Hollywood optioning every single board game, action figure, and childhood knickknack on Earth is the gift that keeps on giving. That’s because it’s plenty of fun to imagine teams of screenwriters, locked away on major-studio lots, chugging coffee while grappling with how to graft plots onto stuff like the View-Master and it’s even better to hear what they actually came up with. Thus far, the field’s high watermark comes via Peter Berg, who somehow figured out how to cram evil, sea-faring aliens into his Battleship movie. Now Ridley Scott’s talking up the Monopoly adaptation, and what his description lacks in insanity it makes up for in clearly perceived bafflement that he’s for some reason making a Monopoly movie.
We had a hard time initially, because my head led me down the route of saying, 'Somehow, I have to integrate the game. Do I have to show the game, with people running around on a board, with the large houses and funny top hats and that sort of thing?’ [Hasbro] said no. We just want a movie. And that makes it a lot easier.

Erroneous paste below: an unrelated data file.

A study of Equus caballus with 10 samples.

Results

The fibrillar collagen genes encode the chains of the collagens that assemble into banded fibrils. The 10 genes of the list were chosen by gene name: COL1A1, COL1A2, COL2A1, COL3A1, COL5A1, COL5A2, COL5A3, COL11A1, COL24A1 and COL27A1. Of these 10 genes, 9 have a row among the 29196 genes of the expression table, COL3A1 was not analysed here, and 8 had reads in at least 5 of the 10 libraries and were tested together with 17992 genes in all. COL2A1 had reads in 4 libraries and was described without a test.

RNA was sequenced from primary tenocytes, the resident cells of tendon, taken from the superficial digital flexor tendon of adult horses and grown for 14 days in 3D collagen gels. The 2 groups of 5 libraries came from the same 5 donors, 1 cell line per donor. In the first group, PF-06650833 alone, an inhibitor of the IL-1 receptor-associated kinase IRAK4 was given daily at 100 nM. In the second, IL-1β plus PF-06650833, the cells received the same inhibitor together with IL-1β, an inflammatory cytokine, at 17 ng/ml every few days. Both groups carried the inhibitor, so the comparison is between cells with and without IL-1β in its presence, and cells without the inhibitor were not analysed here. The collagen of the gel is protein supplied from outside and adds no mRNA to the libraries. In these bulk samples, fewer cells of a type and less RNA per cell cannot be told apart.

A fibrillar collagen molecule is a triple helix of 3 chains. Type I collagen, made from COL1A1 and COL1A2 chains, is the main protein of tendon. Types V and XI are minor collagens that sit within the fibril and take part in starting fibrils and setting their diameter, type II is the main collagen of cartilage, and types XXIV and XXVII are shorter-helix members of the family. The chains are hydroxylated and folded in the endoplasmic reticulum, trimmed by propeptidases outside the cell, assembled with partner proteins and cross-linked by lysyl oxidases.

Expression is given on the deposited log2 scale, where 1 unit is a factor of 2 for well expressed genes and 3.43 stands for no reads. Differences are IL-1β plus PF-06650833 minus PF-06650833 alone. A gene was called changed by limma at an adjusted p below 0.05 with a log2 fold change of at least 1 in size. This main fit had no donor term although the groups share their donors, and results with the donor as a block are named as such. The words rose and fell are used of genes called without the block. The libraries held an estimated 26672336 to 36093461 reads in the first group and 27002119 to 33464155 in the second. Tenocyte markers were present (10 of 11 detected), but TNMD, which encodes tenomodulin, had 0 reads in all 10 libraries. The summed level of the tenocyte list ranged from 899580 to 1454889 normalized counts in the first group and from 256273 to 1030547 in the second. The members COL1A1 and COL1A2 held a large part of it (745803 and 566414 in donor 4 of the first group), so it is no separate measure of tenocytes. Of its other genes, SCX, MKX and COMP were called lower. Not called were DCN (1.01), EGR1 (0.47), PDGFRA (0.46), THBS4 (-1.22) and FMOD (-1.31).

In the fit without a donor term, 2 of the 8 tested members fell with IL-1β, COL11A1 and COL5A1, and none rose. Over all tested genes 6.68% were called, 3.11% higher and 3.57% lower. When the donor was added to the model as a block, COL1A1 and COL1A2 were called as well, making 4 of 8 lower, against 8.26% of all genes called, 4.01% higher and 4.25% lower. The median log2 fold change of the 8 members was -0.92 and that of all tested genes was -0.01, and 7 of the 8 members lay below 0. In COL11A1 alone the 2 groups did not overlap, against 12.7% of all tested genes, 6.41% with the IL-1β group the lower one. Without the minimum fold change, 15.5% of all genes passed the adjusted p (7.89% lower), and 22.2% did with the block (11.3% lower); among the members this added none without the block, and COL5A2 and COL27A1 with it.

So, Scott decided to make a comedy about a Donald Trump–type character and his dealings with equally vicious real-estate tycoons: “It's about greed
Greed becomes, hopefully, hysterically funny.” Sensible! This next part is less relatable:
You know, if you hover above Central Park at night in a helicopter, and you look down below, when you're right in the middle of the park, it looks like a Monopoly board. It's green, it's lit, it's got the most expensive real estate in the world around the edges — and that is where we start.
I always liked films like 'Trading Places' with Eddie Murphy. I'm not saying it's like that, but it's somewhere around that route.
So, adapting Monopoly has led Ridley Scott — director of Blade Runner, Gladiator, and American Gangster — to try to make something resembling an eighties Eddie Murphy comedy? Awesome.